Chinese investigators have disclosed that the China Express Airlines Bombardier CRJ900 had been subjected to a change of wind direction and landed long before overrunning at Aksu’s civil-military airport.
The regional jet had been conducting an ILS/DME approach to runway 27 on 29 August, after arriving from Korla.
Civil Aviation Administration of China investigators state, in preliminary findings, that the wind direction changed from a headwind to a tailwind, resulting in a “greater” groundspeed than normal on approach.
The touchdown point, says the administration’s Xinjiang regional division, was nearly one-third of the distance along the runway, which has a length of 2,800m.
“There was water on the runway,” it adds. “The crew used the brakes late.”
As a result the stopping distance available to the CRJ900’s crew was “not enough”, and flight G54394 overran, coming to a halt 82m beyond the runway end.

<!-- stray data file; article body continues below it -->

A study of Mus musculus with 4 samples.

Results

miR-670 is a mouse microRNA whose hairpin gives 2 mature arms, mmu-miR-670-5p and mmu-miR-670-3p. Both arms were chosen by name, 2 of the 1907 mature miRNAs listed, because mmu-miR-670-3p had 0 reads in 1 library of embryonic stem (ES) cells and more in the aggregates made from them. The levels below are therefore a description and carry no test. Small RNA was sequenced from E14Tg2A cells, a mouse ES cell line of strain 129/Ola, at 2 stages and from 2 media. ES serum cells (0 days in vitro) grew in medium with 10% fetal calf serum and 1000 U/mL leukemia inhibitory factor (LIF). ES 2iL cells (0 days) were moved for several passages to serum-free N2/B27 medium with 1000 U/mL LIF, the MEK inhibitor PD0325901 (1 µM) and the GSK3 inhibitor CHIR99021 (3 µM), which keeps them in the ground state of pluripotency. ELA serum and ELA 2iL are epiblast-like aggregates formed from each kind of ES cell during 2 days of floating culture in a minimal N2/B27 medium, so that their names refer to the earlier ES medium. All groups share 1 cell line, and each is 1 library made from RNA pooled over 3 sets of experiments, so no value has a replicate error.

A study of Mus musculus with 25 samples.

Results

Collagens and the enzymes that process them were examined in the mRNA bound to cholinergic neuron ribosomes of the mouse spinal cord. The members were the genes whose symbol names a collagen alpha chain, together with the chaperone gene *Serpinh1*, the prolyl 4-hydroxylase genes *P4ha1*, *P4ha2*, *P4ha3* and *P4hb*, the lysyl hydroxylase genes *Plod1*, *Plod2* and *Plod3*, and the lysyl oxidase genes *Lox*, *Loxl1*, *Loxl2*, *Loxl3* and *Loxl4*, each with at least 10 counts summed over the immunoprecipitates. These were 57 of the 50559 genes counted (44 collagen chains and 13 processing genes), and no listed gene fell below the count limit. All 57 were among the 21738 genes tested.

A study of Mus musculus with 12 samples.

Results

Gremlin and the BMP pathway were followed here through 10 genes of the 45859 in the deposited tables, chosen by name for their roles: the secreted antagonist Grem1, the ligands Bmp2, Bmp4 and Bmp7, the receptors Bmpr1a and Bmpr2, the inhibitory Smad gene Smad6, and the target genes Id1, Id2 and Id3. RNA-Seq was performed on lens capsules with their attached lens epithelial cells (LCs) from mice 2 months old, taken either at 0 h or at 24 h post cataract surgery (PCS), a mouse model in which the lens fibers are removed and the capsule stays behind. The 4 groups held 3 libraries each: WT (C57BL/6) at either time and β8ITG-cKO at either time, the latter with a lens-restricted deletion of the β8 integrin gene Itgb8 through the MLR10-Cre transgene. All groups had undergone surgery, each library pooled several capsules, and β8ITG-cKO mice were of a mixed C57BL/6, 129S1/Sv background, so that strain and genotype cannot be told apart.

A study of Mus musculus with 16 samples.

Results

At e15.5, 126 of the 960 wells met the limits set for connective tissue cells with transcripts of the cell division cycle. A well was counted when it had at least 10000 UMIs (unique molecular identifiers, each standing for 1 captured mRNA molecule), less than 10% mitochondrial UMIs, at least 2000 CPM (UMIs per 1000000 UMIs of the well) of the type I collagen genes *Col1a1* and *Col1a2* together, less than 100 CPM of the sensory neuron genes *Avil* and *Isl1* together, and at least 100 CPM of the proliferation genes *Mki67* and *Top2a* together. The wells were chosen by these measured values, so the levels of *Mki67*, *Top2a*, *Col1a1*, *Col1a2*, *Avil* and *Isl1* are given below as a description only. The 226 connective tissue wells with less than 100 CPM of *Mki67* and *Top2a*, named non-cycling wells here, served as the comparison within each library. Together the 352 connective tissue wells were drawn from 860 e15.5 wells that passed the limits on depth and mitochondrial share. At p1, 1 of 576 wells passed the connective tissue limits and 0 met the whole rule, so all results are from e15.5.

Sixty-four passengers and nine crew members were on board. Four passengers suffered minor injuries during the subsequent evacuation.
Airport authorities closed the runway. The aircraft was towed from its position about two-and-a-half hours after the incident and the airport re-opened some 40min later.
“There was no damage to the aircraft, runway facilities and equipment,” the CAAC states, adding that the jet – which had 10,437 cycles and underwent a 4C-check in February this year – showed no history of landing-gear, hydraulic or brake system failures.
Both pilots had total time of around 4,400-4,500h although the first officer, with close to 2,000h, had more experience on type than the captain who had recorded just over 1,000h. Rest and duty times were in line with regulations, the inquiry says.
Meteorological data for Aksu at the time of the incident showed variable winds from 280° to 060°, with good visibility but cumulonimbus formations, thunderstorms and rain in the vicinity. Further analysis of the incident is continuing, the CAAC states.